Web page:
We will remember them

Psalm 23, John 10:11-18

StMarksIn World War 1, boys as young as 16 years old having lied about their age to serve, lye dying on the battle fields of Gallipoli and
France asking for their mother.

So to in Vietnam but with the age lifted to 18.

Yesterday a soldier who had been awarded the Victoria Cross in Afghanistan and after being asked if he was fearful in battle replied, yes. But predominately the fear of letting down his mates when under fire.

A statement that was on the lips of those who survived the horrors of Anzac Cove who when retreating did so with a heavy and remorseful heart knowing of the mates they were leaving behind buried in the mud.

A statement of the lips of the soldiers of the South in Gettysburg during the American Civil war. Groups of soldiers, farmers, shop clerks and all parts of society led by a leader they loved and would prefer to die for than give up.  Their leader Robert E Lee who did not lead on the basis of slavery or politics, but purely on the basis that he was from the South.

The same man who when in church and noticing a southern slave resume his seat when he realised that the whites were about to take communion, went to him, put out his hand and responded that before God we are all equal.

Gallipoli, a tragedy and a lost battle that helped shape a nation of whose citizens are the only ones of any country in the world that flock in such numbers to a losing battlefield half way around the other side of the world.

I wonder what the Anzacs that lay in those fields would say to those of today who go to pay homage, and I wonder what those who go today would say to those of 1915 in the trenches waiting for the thrill of a whistle that would see them charge into no man’s land and fall next to the fallen.

Yesterday at Anzac Cove Australians, New Zealanders, British and the French remembered those who had fallen in that attack on a foreign land as one, together with those who came to remember those of their own country who saw 80,000 of their own Turkish Brothers fall protecting their homeland.

If we could turn back time what would those of past say of such an outcome and what would those still fighting in Afghanistan, Iraq, Syria, Israel, Kenya and the troubled and bloodshed countries of today say if we said the same to them of what may await.

If we could turn back time and visit our parents and tell them it will be O.K. as they see their child in fear and hurt, and would they listen. And if we could turn back time and visit that child and say to yourself it will be O.K., could it have changed anything.  And what if it could?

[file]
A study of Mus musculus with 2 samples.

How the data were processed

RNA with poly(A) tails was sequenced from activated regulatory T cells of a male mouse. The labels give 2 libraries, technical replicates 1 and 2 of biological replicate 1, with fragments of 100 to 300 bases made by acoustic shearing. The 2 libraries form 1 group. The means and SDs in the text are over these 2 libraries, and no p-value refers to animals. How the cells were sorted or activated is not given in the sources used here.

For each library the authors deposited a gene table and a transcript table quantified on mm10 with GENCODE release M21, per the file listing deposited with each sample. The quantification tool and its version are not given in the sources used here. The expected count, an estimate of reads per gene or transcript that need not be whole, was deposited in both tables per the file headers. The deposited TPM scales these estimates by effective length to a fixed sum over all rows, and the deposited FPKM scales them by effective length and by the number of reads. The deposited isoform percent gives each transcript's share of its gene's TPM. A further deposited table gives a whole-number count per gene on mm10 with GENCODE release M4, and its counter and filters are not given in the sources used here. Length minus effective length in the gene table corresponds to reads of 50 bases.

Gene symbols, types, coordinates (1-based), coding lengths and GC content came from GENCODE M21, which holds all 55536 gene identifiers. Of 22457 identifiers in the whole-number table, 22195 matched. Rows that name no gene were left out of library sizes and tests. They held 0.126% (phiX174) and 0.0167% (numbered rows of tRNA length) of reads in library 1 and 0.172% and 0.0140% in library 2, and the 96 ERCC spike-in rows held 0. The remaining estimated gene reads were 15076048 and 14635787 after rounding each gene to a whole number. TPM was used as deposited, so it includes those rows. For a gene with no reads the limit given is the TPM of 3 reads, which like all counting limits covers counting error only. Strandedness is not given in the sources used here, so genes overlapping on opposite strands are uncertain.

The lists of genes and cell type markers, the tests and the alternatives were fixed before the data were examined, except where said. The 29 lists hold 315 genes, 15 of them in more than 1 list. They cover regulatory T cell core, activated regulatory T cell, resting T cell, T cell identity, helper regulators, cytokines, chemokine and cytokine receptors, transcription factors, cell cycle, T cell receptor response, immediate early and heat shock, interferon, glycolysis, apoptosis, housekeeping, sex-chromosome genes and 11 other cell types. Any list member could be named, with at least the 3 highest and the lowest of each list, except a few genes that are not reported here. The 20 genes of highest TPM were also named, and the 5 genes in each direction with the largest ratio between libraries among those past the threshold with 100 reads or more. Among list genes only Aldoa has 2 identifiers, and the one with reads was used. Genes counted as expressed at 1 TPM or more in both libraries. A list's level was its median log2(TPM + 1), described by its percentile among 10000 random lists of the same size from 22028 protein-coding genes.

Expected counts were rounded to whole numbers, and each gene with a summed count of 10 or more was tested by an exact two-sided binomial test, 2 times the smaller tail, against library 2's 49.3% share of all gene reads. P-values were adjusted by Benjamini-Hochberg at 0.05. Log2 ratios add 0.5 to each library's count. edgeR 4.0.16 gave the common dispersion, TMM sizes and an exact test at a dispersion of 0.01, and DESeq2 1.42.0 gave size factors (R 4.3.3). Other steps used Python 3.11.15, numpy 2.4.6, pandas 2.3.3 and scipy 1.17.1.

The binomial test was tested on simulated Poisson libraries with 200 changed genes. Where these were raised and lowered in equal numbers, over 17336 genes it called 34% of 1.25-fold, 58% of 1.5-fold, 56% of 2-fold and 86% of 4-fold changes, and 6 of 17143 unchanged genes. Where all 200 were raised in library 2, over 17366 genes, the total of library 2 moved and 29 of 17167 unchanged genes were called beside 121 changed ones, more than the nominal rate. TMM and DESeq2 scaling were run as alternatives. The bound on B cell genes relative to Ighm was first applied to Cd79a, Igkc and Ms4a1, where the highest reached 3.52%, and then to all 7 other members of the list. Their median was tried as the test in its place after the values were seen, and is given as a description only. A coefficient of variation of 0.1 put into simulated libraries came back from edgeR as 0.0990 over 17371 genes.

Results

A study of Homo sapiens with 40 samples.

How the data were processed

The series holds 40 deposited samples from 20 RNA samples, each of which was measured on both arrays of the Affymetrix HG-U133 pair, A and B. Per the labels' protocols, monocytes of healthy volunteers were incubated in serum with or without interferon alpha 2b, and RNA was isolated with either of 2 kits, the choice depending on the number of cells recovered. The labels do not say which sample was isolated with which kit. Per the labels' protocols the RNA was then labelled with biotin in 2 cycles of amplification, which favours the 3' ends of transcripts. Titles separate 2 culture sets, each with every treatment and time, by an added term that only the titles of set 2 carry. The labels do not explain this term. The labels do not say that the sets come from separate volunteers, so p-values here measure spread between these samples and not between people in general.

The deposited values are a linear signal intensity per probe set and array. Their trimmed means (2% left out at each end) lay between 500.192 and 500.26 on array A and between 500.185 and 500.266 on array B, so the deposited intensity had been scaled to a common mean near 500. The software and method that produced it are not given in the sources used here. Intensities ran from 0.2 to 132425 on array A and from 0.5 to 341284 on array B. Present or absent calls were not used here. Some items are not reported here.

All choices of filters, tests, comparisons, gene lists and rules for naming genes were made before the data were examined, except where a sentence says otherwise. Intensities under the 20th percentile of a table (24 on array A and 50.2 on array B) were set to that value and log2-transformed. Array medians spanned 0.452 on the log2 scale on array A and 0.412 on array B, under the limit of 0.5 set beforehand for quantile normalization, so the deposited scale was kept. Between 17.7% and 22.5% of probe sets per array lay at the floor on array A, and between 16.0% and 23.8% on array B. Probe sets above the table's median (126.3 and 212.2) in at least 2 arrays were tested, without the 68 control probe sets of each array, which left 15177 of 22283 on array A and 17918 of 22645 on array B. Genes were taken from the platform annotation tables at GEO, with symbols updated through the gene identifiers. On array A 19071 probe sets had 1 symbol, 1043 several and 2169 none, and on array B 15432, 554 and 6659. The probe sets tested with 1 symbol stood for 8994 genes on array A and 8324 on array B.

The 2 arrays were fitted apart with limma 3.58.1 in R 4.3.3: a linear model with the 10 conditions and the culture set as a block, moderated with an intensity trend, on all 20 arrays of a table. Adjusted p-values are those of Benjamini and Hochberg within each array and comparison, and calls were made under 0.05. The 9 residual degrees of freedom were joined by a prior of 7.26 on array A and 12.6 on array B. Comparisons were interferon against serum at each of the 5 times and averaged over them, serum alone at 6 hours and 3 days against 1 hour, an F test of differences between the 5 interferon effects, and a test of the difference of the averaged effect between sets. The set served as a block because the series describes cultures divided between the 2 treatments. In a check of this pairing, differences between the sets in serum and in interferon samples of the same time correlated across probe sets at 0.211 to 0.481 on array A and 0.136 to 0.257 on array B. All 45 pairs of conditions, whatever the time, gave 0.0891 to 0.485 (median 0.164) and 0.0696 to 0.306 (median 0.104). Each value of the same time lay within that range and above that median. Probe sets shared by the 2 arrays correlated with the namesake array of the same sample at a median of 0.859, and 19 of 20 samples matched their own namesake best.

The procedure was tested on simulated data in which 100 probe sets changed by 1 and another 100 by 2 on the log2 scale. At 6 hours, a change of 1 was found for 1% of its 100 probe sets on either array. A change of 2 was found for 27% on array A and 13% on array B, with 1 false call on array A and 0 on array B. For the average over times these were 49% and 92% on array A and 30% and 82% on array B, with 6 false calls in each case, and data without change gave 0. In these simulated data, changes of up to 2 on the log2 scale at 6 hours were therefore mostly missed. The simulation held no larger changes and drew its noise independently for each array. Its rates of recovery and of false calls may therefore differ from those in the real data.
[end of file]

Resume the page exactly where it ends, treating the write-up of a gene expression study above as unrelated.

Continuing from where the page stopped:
Old foes of the past, now united in death. New foes still apart and those of us saved despite our past and those still walking through the blood and guts of their personal battlefield.

Scattered and lost, United yet alone.

War, trouble and pain cause divisions of those for and against. Fighting for our freedom against the oppressors and the oppressors against those looking to return oppression.

In the book 1984 written by George Orwell in 1949 he saw a future in our time where governments would change from being allies with one country to that of enemies with the stroke of a pen. One minute fighting for a friend then fighting against them and if we look to what’s going on now in the world he’s not far from the truth.

Political bias. Deception, lies, misinformation, greed, individual ties of the past and self- preservation dictating who to die for and who to kill.

A confused world and people not unlike those who cheered Jesus arrival into Jerusalem just as they cheered as he made his way beaten and scourged to the cross. Confusion we suffer not unlike the twelve that followed Jesus only to turn their back and to deny Him.

Jesus who on the cross did not see allies coming to save, but only enemies intent to exclude.

The stone that the builders rejected, who become the cornerstone that those that rejected he, not continue to tear down His house, but be built in it.

The Good Shepherd who before we were formed in the womb, knew us.  The Good Shepherd on His cross who when we knew Him not, asks His father to forgive us for we Knew not what we did. And the Good Shepherd that knocks on our door and enters our lives that we may enter into His righteousness and see and know those words of Psalm 23 for ourselves.

See that though we strive for self, in Him we need not want.

See that though we strive in the anguish of worldly goods, fame and happiness, in Him only do we find green pastures and still waters.

See that though we heed to the darkness and strive for perfection and a life without remorse or guilt, find that such a peace of heart can only be of His righteousness freely given.

To see that though our enemies surround us in contempt and rant, in hatred and threatening noise, we hear His whisper comforting our troubled hearts as our cup overflows through His gifts of Baptism and Holy Communion.

And yes, rather that though it seemed a shadow of the valley of death, it was but a road paved in mercy, girded from the wood of a cross and its light not of this world, but that of the light of Christ and see that though we may wonder, our shepherd walks with us that we not need wander of His love for us, but see that the grace that others saw on the cross we too see in ours and know that in Him, that for however it may seem, the Shepherd has guided the lost home, and no matter what may become, because of the love that He maintain, in His house there shall we remain. Amen.